More than one in five (21%) couples thinks the pandemic acted as a watershed moment for outdated gender roles at home and served as a catalyst for equality as we return to “normal life”.

MoneySuperMarket spoke to over 2,000 households across the country to find out how the pandemic impacted family life, and how roles and responsibilities have changed in their homes.1

How the pandemic has influenced gender roles at home

Looking at the results for those that identify as male or female, the data reveals a movement towards a more balanced split of domestic duties, with a third (33%) of couples stating that cleaning the house is now more equally distributed between them and their partner, regardless of gender. However, despite the widespread cultural shift, there is a disparity in opinions. While 38% of men perceive a more equal balance when it comes to cleaning the house, only 29% of women echo the same sentiment. Around a quarter of couples also agree that a fairer balance has been struck with cooking and laundry responsibilities (27% and 24% respectively).

This trend is also observed in how families with two parents split their childcare responsibilities. Regardless of family make-up, almost two in five (35%) households say the school run is now shared more evenly between both parents. However, an imbalance in opinions between genders is evident in the data, with 42% of men perceiving a more equal balance when it comes to sharing the school run with their partner, compared to only 30% of women.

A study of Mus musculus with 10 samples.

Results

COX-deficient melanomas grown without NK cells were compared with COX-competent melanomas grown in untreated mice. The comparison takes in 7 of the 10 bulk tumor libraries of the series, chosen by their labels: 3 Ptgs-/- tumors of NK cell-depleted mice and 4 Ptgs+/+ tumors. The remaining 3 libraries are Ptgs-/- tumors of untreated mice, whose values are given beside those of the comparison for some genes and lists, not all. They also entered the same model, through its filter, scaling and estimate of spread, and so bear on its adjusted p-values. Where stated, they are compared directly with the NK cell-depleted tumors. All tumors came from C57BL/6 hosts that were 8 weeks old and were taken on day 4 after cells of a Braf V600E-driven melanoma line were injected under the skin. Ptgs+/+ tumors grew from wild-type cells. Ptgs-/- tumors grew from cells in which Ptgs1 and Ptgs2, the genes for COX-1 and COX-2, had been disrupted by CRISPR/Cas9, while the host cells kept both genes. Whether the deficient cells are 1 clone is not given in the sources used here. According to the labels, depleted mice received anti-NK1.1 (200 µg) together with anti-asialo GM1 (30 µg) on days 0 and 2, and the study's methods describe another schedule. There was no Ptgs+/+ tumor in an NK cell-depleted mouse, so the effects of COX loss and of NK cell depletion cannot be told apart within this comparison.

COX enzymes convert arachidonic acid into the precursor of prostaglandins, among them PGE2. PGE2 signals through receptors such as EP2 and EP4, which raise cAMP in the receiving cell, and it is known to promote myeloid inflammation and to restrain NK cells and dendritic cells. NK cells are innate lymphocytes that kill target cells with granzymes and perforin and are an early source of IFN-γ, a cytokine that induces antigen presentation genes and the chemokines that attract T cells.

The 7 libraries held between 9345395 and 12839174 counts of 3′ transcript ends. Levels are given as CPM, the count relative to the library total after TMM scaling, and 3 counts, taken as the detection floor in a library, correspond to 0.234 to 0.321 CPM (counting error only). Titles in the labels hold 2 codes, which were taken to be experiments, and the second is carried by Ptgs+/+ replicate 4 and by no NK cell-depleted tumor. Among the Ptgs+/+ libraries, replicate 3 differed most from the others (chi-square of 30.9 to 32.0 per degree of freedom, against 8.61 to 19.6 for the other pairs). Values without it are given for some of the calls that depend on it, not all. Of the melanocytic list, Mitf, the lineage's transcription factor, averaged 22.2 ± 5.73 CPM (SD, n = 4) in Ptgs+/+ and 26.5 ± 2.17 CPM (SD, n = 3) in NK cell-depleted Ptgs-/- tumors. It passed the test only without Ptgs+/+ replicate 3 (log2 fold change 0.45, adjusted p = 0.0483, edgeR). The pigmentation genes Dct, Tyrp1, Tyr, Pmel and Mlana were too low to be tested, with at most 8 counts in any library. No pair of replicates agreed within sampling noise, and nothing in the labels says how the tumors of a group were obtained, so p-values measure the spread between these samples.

How the pandemic has impacted family finances

Beyond the changes to family life, the pandemic has altered household finances across the nation in a big way. Over a quarter (26%) say there is now one sole earner in their family, and a further 16% say they have become the sole earner but were not before Covid hit. The research also reveals a fragility in the current structure of Brits’ personal finances as, in a third of households (33%) the main income provider does not have life insurance, potentially leaving their family unprotected.

Following a shift in working conditions for many caused by lockdown, almost one in five (17%) households with two parents say they or their partner had to take on extra responsibilities at home because one of them was working longer hours. Conversely, working from home has also given many a fresh perspective on their partner’s daily duties, with one in ten (10%) citing a brand-new appreciation for how much their significant other does around the house.

The uncertainty of the past year and changes in the nation’s household finances may be why over a third (34%) say they will either start up or put more money into an emergency fund following the pandemic.

Projections for family life after the pandemic

Looking ahead, it’s clear a year in isolation has shifted priorities for many. Nearly a quarter (23%) of households say family holidays are now top of the agenda, and they will be going on more than ever once travel restrictions allow. Almost one in five (17%) will be putting healthy eating at the top of their priority list post-pandemic, as they focus on cooking more nutritious meals for their family. Data also shows lockdown provided a newfound appreciation for the great outdoors, with almost one fifth (17%) saying their family will be taking up more activities and sports, once restrictions allow.